Yesterday was a big day for the Apple iPhone 4. A million or so obsessed customers stood in line just so they could have one of the new devices on the first day. There's nothing like bragging rights to make people willing to put up with massive inconvenience. But that's the fanboi phenomenon at work. For those of us who write about such things, it provides great entertainment, if nothing else.
But for your business, the last thing you need is someone who is hopelessly obsessed about anything. Being a fan clouds judgment; it causes a person to make decisions on what they wish the truth might be, rather than what it actually is. And, sadly, the iPhone fanbois will go to any length to prove that their obsession with the iPhone 4 is justified, even if it costs your company money, reduces productivity, or interferes with your IT department.
Worse, these hopelessly obsessed fans will disrupt normal business conduct in their eagerness to prove themselves right. If you want to see an example of such disruptive behavior, just take a look at what happened when I wrote a news analysis suggesting that the Verizon / Motorola Droid X might be a better solution than the iPhone for some businesses.
While the iPhone 4 is a better enterprise solution than its predecessor, it's no slam dunk. You can't easily create enterprise-specific applications for the device because you have to get Apple's approval to put them on the App Store, and for any number of competitive reasons, you might not want to do this. This means that your other choice is to provide Web-enabled applications, but you also can't use Adobe's Flash, which is used by something like 95 percent of all corporate websites to streamline information presentation.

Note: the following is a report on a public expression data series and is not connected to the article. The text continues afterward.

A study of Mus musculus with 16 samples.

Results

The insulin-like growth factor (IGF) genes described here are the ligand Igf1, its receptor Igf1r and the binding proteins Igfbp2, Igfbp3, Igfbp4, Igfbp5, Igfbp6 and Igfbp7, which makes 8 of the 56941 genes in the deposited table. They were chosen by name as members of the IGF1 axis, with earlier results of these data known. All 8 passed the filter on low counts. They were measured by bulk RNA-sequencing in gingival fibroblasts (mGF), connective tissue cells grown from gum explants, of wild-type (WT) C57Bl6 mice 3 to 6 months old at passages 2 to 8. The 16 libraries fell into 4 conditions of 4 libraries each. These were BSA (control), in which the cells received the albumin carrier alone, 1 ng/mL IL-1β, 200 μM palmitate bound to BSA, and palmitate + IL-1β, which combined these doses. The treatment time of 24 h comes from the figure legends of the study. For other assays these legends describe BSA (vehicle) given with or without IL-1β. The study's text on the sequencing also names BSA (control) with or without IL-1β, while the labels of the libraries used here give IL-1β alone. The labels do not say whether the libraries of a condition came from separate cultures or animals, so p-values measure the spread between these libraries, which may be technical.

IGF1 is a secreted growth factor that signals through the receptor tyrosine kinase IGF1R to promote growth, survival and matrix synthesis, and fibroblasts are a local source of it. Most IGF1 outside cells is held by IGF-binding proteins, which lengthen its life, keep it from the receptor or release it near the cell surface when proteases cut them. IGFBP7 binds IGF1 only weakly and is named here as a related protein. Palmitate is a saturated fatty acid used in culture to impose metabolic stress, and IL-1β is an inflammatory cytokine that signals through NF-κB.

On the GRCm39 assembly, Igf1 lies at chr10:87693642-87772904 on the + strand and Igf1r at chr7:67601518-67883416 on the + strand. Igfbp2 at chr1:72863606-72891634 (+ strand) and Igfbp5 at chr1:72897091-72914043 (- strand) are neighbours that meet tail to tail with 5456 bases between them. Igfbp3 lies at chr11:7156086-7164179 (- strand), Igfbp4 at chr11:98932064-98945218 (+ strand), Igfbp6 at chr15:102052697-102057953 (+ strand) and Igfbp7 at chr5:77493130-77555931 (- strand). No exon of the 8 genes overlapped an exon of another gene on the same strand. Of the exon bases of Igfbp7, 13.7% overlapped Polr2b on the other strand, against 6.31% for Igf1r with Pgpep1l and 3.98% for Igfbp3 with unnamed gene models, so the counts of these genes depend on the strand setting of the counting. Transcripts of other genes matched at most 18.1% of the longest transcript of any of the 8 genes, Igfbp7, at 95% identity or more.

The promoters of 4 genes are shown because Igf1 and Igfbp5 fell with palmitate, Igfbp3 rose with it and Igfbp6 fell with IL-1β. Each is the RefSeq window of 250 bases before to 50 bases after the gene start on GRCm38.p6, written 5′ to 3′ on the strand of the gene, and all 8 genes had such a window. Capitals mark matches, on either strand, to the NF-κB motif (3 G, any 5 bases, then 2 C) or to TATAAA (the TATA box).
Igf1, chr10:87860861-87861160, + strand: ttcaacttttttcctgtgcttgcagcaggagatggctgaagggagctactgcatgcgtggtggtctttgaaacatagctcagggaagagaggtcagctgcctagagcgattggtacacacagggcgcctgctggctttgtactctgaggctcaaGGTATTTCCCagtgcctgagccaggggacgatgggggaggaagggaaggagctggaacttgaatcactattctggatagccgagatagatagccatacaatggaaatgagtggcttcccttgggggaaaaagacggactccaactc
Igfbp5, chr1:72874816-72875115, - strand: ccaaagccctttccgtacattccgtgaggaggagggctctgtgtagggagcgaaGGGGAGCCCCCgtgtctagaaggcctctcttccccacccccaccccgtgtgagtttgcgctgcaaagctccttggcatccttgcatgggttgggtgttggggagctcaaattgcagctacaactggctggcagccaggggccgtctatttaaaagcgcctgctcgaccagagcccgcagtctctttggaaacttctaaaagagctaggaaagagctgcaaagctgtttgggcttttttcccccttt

But of course, those limitations don't matter. All that matters is that the iPhone partisans have their favorite device, and that you change everything to support it.
And the need to change everything is precisely the problem. The iPhone partisans won't be satisfied until you make your IT operation revolve around the object of their affection. Of course, they aren't alone in this, but at least the BlackBerry and Android partisans have a little more reason on their side. Both are much more easily managed at the enterprise level, and both have better support for security.
But the real peril isn't the fairly narrow difference in the utility among these devices. It's the shrill insistence of the fanbois that you do things their way. Compromise isn't in their lexicon, and you're not likely to be able to put it there.
And you might as well know now that this mindless obsession is about to strike your company. Be prepared for it. Perhaps the best way is to create a policy that applies to people with all devices that attach to your network. You can't just make rules for iPhones or Droids. You have to make rules and not make exceptions. Here are some ideas:
Any device that attaches to the corporate network must support enterprise management, including the ability to accept policies such as a password requirement, remote wipe, and the disabling of some functions while connected to the network (like turning off the camera when the device is in the building).
Devices must have a history long enough to show sufficient stability. Virtually all new devices will have bugs, and there's no way your IT staff needs to be involved with sorting them out.
Devices must be able to support your enterprise software needs for that specific user. You may want to allow some devices for users that don't have particularly demanding needs, but be more strict with other users that need, say, a front-end app to your database.
Device requirements can't exceed the ability of your staff to support them. So if you don't have anyone who knows how to support iOS 4 or Android 2.2, then you can't have them on the network until you've had a chance to train those people.
I'm sure there are other policies you'll need to put into place at your company, but you can see where the risk lies. If you give in to demands for support before you're ready, then you're risking the security and stability of your enterprise. The fanbois with their strident demands won't like this, but as long as you apply these rules equally, they should have no complaint. But of course that won't stop them from complaining anyway.